Play pirates and create a treasure map of “x’s” for your child to follow. Cut 5-10 large x-shapes from colored paper and lay them in a path leading through your house or yard. Have the path end at a “treasure”—a small snack or sticker. Does your child want to lay down the x’s next time?
It’s raining pompoms. Fill a shoebox with pompoms and sing Rain, rain go away, come again another day and toss the pompoms into the air. See what other ways your child can think of to use the pompoms. She may put them in a bowl and pretend they are cereal or mound them into a ball and pretend they’re snow.
Paint without brushes. Let your child be creative with art by using unusual objects to paint with. Try painting with sponges, the wheels of a toy car, dipping a plastic basket in paint, or using a paint-covered leaf.
Transform a box. Ask your local appliance store if you can have one of their large boxes. Take it home and cut a door and a few windows out. You can decorate the box in different ways to transform it into: a castle, a house, a barn, a doghouse, a hospital, a lemonade stand. The possibilities are endless.
Keep track of the rain. Put a small plastic bowl outside the house to catch the rain. Watch the rain fall into your bowl. When it’s done raining, bring the bowl inside. Talk with your child about how much rain you caught: A lot? A little? Will it fit into a big cup or a small cup? Let your child pour the rain out.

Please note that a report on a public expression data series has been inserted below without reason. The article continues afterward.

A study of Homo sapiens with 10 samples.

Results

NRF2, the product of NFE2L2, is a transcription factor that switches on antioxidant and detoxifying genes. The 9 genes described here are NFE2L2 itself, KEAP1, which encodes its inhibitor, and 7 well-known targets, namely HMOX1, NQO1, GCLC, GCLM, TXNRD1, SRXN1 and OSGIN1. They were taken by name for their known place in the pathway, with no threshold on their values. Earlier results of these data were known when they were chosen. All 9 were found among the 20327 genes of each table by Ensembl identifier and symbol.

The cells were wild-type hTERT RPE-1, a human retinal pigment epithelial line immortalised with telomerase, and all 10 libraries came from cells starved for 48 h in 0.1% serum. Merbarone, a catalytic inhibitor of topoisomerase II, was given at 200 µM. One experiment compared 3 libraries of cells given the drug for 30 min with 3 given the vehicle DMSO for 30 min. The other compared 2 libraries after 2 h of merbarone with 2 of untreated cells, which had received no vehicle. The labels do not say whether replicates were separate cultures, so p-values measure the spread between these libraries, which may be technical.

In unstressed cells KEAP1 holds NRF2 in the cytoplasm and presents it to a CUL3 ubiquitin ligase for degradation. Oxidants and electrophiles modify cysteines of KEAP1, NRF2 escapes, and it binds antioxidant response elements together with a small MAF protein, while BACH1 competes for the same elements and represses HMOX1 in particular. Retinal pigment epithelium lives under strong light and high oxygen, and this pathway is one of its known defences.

Plant some seeds together (grass seeds work well). Watch the plant grow. Let your child water his plant and put the pot in a sunny place. Watch the calendar, marking off days until you see a tiny shoot peeking through the soil. Take a photo! Talk with your child about how he sees the plant growing. Take more pictures as the plant grows. Put the photos together in a book about your plant.
Smell the smells! Spray 5 cotton balls with different scents—perfume or other essential oils work well. Let your child sniff each one and tell you whether she likes it. She can glue the ones she likes on a piece of cardboard where you have drawn a smiling face at the top. She can glue the smells she doesn’t like on a piece of cardboard where you have drawn a frowning face on the top. How many cotton balls are on each piece of cardboard?
Make some mystery boxes. Cut a hand-sized hole in the top of 5-7 shoe boxes. Inside each box put a common household object that your child is familiar with: a mitten, some dry pasta, a crayon, a spoon, etc. Let your child put his hand in each box (without looking) and guess what is inside. Ask him: “What does it feel like? Is it soft or hard? Do you feel round edges or square edges?” Then let him lift the top to see if he is right!